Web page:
The technology is sublimely simple – with a smartphone or webcam, take a self-portrait, upload it to a social media website. Have a drink, read a book, watch some TV, in short, let the ‘selfie’ percolate and if it’s interesting/compelling, or just flat out weird, it’ll probably go viral.
The ‘selfie’ phenomenon has grown exponentially. BGR, for instance, estimates more than 250 billion selfies will be taken worldwide this year.
People from all walks of life have embraced selfies. In fact, The Guardian reports that UK farmers are posting ‘felfies’ – a selfie snapped on the farm.
“But it’s not just for fun – social media is a lifeline for people in a lonely profession…the ‘felfie’ is taking off, with farmers posting photos of themselves next to their favorite sheep, cow or tractor,” noted The Guardian.
Off the farm, businesses are also finding innovative ways to utilize and market the selfie.
Squadrone System, a Palo Alto startup, has created HEXO+, an aerial drone enabling people to record footage of themselves. Headline & Global News (HNGN) reported that the semi-autonomous drone is being marketed to extreme sports athletes who want to film their stunts from a bird’s eye view.
The helicopter-based drone, noted HNGN, accomplishes its maneuverability by predicting a user’s movements and adapting to situations for optimum filming “with the help of anticipatory algorithms and a protocol called MAVLink that communicates with a user’s Android or iOS smartphone.”
HNGN added that users operate the drone via the included app to define the filming perspective and adjust the height, angle and distance. After receiving the settings, the drone takes off automatically, hovers in its position and waits for users to move. Then it moves along with them, automatically maintaining framing. The machine also tracks GPS coordinates on the phone to determine where users are at all times.
A couple hours north of Palo Alto in Sacramento, yet another startup, iSnap, is using photo kiosks to help businesses boost their social marketing skills. iSnap has 450 photo stations in seven countries; photos generated from this network currently exceed 1.5 million.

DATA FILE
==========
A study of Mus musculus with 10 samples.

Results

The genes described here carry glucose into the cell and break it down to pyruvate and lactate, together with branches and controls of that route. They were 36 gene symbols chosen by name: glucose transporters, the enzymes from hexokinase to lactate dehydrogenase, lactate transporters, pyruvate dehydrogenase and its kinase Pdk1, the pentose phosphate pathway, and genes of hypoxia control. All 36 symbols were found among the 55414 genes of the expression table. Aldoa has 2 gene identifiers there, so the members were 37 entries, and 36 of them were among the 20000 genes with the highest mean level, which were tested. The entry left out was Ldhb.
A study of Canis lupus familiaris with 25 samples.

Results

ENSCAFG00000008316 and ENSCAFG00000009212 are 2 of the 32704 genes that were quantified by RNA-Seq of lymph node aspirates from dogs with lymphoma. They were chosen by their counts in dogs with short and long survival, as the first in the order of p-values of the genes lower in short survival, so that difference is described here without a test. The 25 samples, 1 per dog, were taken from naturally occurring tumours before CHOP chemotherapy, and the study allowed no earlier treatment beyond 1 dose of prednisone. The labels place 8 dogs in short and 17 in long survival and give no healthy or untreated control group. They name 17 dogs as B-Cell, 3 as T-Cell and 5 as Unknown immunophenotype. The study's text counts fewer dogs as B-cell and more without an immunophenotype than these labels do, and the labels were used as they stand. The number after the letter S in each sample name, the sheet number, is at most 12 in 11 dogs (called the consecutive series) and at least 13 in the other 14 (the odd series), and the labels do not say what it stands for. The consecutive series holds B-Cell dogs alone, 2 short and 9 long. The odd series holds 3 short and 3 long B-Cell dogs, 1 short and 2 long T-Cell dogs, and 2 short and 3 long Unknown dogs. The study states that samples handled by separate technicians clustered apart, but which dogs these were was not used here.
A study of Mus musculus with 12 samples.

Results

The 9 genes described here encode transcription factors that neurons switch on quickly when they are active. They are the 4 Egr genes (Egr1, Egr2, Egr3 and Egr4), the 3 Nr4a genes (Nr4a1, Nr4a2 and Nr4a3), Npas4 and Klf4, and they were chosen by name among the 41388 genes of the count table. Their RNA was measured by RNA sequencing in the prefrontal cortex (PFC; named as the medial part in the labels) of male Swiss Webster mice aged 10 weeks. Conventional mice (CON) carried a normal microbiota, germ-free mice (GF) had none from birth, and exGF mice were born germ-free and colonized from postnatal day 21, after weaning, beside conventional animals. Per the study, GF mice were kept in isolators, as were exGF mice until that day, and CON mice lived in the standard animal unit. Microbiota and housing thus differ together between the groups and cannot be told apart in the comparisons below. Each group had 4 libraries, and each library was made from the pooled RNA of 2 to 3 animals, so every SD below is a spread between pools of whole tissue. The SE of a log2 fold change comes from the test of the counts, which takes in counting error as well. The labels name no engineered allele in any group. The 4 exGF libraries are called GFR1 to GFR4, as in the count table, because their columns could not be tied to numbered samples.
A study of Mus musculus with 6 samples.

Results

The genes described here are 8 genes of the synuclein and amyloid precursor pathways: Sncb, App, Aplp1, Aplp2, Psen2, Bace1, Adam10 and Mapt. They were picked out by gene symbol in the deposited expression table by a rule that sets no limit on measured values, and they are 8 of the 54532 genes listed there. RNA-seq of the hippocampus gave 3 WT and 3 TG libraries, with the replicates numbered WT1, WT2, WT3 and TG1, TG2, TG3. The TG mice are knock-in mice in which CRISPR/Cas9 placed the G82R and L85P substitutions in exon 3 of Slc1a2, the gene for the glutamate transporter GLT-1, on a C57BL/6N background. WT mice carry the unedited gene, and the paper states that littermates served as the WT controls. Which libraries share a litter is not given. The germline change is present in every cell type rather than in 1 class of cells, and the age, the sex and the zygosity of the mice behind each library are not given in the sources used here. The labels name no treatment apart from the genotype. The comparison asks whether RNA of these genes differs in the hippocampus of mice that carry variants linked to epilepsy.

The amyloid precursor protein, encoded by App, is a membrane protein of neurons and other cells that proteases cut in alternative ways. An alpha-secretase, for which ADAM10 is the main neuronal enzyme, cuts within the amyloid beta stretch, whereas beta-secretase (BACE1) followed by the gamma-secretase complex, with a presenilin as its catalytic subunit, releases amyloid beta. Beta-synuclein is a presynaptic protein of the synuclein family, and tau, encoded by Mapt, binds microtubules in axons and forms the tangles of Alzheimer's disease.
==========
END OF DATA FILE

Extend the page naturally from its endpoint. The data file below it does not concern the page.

With iSnap, you take a picture, upload it instantly to Facebook or Twitter for free – a cell phone isn’t needed to post the selfie. Businesses like the Esquire IMAX Theater in downtown Sacramento buy the kiosk, noted News10 (ABC News affiliate in Sacramento).
“What they get in return are branded photos shared online in real time and access to their customers emails and social networks,” said News10.
And a suite of iSnap analytics software allows a business to track everything happening in its venue. As reported on the iSnap blog, this is everything “from data capture to running promotions via third party APIs and demographic insight. For instance, small restaurants, doctors and family entertainment centers use the products to deliver coupons and specials.”
iSnap says its technology can help businesses in a wide variety of ways. One example – capturing new Twitter followers on the photo station.
There have also been numerous creative uses of the selfie by companies.
A few examples:
#MuseumSelfie day – Held on Jan. 22, this was a Twitter project that raised awareness of great collections housed by national and regional museums worldwide. The initiative generated thousands of artistic images, with the goal of encouraging people to support and visit museums.
Last year, AMC introduced a branded camera app called Dead Yourself to help promote The Walking Dead TV series. Sparksheet reported that fans could ‘zombify’ their selfie picture and share online via the hashtag #deadyourself.
The app also included a ‘Bite Your Friend’ feature, added Sparksheet, which “let users turn a friend’s selfie into a photorealistic zombie. It also included a gamified element – contestants can upload their self-portraits for the chance to have them shown on TV.”
The promotion was wildly popular – the app was downloaded 3 million times; 100 million+ photos were viewed in the app.
Lastly, Johnson & Johnson launched in 2013 a ‘Selfless Selfie’ campaign – participants were asked to subscribe to the company’s Donate a Photo app. For every photo uploaded, Johnson & Johnson contributed a buck towards a charity of the user’s choice.
Selfies are undoubtedly self-centered – no sh_t, Sherlock – that’s why they’re called that. But properly implemented, they’re fast becoming yet another tech tool for businesses to generate product buzz and help drive sales.
About Neal Leavitt
Neal Leavitt runs San Diego County-based Leavitt Communications, which he established back in 1991. He received his Bachelor of Arts degree in communications from UC-Berkeley and a Master of Arts degree in journalism & public affairs from American University in Washington, DC. Neal has also lived abroad and has traveled extensively to more than 80 countries worldwide.